Financial institutions can and must make the shift to circularity, ensuring the consumption and production patterns of the businesses they invest in make more efficient use of resources and minimize waste, pollution and carbon emissions. This is the conclusion of our new report Financing Circularity: Demystifying Finance for the Circular Economy. Launched today at UNEP FI’s Global Roundtable 2020, it outlines how financial institutions can help redesign global economies by changing the way we consume and produce.

The move to circular economies could generate USD 4.5 trillion in annual economic output by 20301 while helping to achieve the Sustainable Development Goals, protect the health of our ecosystems and enable sustainable recovery in the wake of the COVID-19 pandemic. Banks, insurers and investors can play a critical role by providing businesses with financial products that contribute to the circular economy, conserve natural resources and avoid or reduce waste. Financial institutions currently lack awareness of circularity as well as the expertise, products and services to harness business opportunities.

“The economic recovery from the COVID-19 pandemic is an opportunity to stimulate the urgent transition to more sustainable consumption and production. We need both the private and public sectors to transform our economies to address climate change, reduce pollution and improve resource efficiency. Collective action is critical to delivering on the Agenda 2030 for Sustainable Development,” said Inger Andersen, Executive Director of UNEP. “The financial sector and policymakers in particular have a central role to play in the shift from linear, wasteful growth to embedding circularity in finance and our economies.”

The growth of circular business models will require structural and technological change, including innovation in the design and manufacturing of products and services; reducing inputs to agriculture; cutting food waste and using digital technologies to increase transparency and sustainability in supply chains. The financial institutions surveyed for the report recognized that there are opportunities to boost circularity in the buildings and construction, food and agriculture, chemicals and electronics sectors in particular. The report explores transitions already underway in these sectors, as well as in manufacturing, apparel and fashion, mining and energy and cross-cutting innovation in areas such as digital technology.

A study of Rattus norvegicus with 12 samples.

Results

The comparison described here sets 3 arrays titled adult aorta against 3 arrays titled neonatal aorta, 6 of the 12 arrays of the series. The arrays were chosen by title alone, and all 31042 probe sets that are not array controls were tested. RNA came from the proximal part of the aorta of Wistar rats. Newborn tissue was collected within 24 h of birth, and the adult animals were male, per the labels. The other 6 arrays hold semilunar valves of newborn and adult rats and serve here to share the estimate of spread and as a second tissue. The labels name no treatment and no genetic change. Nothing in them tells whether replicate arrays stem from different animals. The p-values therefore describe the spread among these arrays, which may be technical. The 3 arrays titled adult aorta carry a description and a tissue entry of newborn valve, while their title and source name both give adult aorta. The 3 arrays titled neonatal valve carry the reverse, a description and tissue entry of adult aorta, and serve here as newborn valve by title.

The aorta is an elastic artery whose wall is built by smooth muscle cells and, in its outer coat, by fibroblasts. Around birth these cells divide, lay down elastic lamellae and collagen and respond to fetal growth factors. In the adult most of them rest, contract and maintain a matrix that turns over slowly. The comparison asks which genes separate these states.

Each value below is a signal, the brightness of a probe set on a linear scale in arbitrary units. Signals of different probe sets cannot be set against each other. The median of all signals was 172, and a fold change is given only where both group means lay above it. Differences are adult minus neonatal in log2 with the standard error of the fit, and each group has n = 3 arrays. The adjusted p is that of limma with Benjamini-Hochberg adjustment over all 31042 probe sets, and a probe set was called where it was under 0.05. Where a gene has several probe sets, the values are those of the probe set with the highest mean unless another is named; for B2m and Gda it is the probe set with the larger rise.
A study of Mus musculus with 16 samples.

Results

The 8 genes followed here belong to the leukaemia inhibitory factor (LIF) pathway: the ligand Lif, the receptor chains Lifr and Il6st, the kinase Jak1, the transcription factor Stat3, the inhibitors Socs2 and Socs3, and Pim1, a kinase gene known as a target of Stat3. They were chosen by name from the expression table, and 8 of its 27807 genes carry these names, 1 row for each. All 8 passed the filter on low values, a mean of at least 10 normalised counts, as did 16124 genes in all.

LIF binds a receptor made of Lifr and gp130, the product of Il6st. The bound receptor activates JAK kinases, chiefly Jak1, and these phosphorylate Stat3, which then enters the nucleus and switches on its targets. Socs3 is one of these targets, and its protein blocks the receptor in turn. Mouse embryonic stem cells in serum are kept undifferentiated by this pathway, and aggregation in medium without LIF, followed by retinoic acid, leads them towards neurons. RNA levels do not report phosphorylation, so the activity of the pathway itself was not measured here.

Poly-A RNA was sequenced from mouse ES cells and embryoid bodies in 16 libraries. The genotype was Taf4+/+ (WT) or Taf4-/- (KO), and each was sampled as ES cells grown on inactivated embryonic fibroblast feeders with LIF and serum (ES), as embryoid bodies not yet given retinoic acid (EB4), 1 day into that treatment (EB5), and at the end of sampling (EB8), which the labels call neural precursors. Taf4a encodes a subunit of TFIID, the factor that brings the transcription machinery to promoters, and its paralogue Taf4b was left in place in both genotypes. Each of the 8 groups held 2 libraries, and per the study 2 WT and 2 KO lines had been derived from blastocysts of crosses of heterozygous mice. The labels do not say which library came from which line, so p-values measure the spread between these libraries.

It outlines a number of recommendations for financial institutions to boost circularity:

• Integrating circularity into their core business strategies and increasing their assessment of environmental, social and governance (ESG) criteria
• Setting targets on resource efficiency
• Re-orienting loans and investments towards more sustainable technologies and financing innovative business models,
• Making financing circularity an opt out rather than an opt in in mainstream financial instruments,
• Evaluating how financing for circularity can contribute to the implementation of key financial industry frameworks such as UNEP Finance Initiative’s Principles for Responsible Banking and Principles for Sustainable Insurance.

The report highlights examples of innovation in financing circularity, including a sustainability bond issued by Italian bank Intesa Sanpaolo, in collaboration with the Ellen MacArthur Foundation, to fund projects and businesses under a €5 billion credit facility. It will support circular economy opportunities such as offering solutions for the lifetime extension of goods and materials, regeneration of natural capital (e.g. restoration of degraded soils), circular design focused on waste and pollution reduction, production processes producing or dependent on recycled resources, resource efficiency in the supply chain, reverse logistics, collection, separation and recycling of used materials and innovative technologies to enable circular business models.

Swedish Insurance Fintech Omocon has developed a microinsurance product for the sharing economy, involving shareable goods rented out on a platform. The product protects the owner of a shareable good or asset that needs protection against damage. Omocom collects data on the sharing platform to look into the usage statistics of sharing transactions to calculate risk and price insurance. This has changed the underwriting process and claims processes.

Steven Stone, Chief, of the Resources and Markets Branch in UNEP’s Economy Division, said, “The financial sector and policymakers have a central role to play in the shift from linear, wasteful growth to embedding circularity in finance and our economies. This report traces the opportunities and risks for the financial sector and policymaking community, and offers insights and a practical framework for scaling up finance for the transition from a take-make-waste model of resource use and pollution to a circular economy, advancing us towards more sustainable consumption and production.”

The report also identifies the need for governments to provide the financial sector with incentives and an enabling policy and legislative framework to accelerate the integration of circularity into financial products and services. Recommendations for policymakers, financial industry regulators and supervisors to address barriers and stimulate opportunities include: integrating measures to catalyze a just transition to a circular economy into climate policies, rules and regulations, implementing COVID-19 recovery strategies that embed circularity in economic growth and focus on a resilient and inclusive recovery, and implementing policies, laws and related instruments to address systemic barriers to circularity and create incentives.

Download the report here.

Read more about the circular economy in our blog, After the Pandemic: What are the Opportunities and Challenges for the Circular Economy.